To Francis Hopkinson
Mount Vernon Feby 5th 1789.
We are told of the amazing powers of musick in ancient times; but the stories of its effects are so surprising that we are not obliged to believe them, unless they had been founded upon better authority than Poetic assertion—for the Poets of old (whatever they may do in these days) were strangely addicted to the marvellous; and if I before doubted the truth of their relations with respect to the power of musick, I am now fully convinced of their falsity—because I would not, for the honor of my Country, allow that we are left by the Ancients at an immeasurable distance in everything; and if they could sooth the ferocity of wild beasts—could draw the trees & the stones after them—and could even charm the powers of Hell by their musick, I am sure that your productions would have had at least virtue enough in them (without the aid of voice or instrument) to soften the Ice of the Delaware & Potomack—and in that case you should have had an earlier acknowledgment of your favor of the 1st of December which came to hand but last Saturday.
I readily admit the force of your distinction between “a thing done and a thing to be done”—and as I do not believe that you would do “a very bad thing indeed” I must even make a virtue of necessity, and defend your performance, if necessary, to the last effort of my musical abilities.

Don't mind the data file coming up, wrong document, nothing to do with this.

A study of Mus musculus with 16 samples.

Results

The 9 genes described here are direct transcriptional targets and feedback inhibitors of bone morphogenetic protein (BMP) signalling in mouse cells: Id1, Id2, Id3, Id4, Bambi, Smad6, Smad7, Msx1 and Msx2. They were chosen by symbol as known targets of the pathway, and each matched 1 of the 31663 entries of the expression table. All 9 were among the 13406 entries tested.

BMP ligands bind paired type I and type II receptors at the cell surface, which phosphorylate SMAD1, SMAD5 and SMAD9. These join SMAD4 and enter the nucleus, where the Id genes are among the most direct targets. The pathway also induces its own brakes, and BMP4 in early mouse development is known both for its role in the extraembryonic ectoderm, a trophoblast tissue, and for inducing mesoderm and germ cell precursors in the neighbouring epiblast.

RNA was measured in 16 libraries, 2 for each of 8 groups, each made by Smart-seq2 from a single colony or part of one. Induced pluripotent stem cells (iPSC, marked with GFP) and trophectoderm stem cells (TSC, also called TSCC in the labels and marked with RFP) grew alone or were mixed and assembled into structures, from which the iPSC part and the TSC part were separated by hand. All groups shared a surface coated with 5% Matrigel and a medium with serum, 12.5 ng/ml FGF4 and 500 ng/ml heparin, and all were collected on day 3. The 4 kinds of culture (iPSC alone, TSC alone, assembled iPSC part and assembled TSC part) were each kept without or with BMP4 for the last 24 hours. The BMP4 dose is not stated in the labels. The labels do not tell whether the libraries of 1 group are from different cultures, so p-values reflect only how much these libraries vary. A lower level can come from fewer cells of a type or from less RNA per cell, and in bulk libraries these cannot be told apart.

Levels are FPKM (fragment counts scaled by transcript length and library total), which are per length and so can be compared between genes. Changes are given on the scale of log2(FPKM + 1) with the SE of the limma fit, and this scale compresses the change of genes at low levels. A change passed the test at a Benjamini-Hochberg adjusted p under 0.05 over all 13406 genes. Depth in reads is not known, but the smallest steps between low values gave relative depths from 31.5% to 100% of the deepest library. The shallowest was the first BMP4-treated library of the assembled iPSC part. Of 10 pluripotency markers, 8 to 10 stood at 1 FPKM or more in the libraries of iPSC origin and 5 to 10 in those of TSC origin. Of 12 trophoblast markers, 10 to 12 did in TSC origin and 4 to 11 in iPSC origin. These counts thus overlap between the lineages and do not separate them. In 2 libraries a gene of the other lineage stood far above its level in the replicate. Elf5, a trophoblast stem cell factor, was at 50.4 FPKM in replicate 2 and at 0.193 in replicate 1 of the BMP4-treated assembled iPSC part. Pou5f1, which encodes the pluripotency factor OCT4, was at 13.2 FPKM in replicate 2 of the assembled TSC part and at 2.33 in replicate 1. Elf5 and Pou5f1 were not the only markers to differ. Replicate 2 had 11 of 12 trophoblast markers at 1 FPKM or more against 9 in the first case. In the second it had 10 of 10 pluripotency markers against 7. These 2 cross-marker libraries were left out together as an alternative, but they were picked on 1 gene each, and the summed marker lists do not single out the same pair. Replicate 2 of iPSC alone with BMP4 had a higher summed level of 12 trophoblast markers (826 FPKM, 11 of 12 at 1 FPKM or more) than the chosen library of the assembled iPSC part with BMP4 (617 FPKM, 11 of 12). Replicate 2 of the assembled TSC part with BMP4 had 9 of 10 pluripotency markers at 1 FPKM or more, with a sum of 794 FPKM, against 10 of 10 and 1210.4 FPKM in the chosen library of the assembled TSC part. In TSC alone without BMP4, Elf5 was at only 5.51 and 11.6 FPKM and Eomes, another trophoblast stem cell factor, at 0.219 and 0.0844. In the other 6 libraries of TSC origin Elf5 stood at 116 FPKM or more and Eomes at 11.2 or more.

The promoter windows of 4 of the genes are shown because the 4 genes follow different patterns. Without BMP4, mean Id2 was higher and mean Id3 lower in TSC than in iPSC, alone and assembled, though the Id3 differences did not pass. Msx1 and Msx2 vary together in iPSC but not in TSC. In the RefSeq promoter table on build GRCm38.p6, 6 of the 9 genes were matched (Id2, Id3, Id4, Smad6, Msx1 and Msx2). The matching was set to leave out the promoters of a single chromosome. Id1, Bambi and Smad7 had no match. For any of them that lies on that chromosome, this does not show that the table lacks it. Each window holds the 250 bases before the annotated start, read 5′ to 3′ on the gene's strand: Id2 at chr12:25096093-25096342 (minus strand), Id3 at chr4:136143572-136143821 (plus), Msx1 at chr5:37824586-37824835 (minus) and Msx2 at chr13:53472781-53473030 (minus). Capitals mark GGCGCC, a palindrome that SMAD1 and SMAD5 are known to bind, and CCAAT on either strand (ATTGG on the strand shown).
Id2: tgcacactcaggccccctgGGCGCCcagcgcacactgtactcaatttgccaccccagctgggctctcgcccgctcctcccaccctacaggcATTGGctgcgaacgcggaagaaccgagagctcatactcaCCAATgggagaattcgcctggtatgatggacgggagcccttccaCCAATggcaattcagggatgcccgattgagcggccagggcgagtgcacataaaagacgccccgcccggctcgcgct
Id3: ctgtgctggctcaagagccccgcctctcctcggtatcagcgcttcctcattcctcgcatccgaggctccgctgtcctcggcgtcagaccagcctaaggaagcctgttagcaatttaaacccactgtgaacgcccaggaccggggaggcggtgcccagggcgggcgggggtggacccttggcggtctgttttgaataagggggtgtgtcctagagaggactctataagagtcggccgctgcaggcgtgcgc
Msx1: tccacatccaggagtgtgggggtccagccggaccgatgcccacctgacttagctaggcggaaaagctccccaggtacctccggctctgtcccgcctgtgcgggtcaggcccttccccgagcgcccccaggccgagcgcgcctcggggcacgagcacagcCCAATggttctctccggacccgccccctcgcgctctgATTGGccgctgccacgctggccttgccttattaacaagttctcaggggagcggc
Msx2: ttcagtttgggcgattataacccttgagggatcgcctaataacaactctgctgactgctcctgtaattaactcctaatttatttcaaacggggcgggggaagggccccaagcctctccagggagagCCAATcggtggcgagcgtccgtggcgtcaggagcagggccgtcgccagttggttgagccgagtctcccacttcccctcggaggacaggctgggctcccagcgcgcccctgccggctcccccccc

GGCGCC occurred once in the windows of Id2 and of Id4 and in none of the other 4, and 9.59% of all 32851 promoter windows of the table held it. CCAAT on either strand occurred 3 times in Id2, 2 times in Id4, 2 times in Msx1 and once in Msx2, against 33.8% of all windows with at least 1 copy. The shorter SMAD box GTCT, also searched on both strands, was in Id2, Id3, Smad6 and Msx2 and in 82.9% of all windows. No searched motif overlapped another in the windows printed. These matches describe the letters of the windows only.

But, my dear Sir, if you had any doubts about the reception which your work would meet with—or had the smallest reason to think that you should need any assistance to defend it—you have not acted with your usual good Judgment in the choice of a Coadjuter; for, should the tide of prejudice not flow in favor of it (and so various are the tastes, opinions & whims of men, that even the sanction of Divinity does not ensure universal concurrence) what, alass! can I do to support it? I can neither sing one of the songs, nor raise a single note on any instrument to convince the unbelieving. But I have, however, one argument which will prevail with persons of true taste (at least in America)—I can tell them that it is the production of Mr Hopkinson. With the compliments of Mrs Washington added to mine, for you & yours I am Dear Sir Your most Obedt and very Hble Servant
ALS, PHi: Hopkinson Family Papers; LB, DLC:GW; copy, NjMoHP; copy, PHi: Hopkinson Family Papers.
For background to this letter, see Hopkinson to GW, 1 Dec. 1788.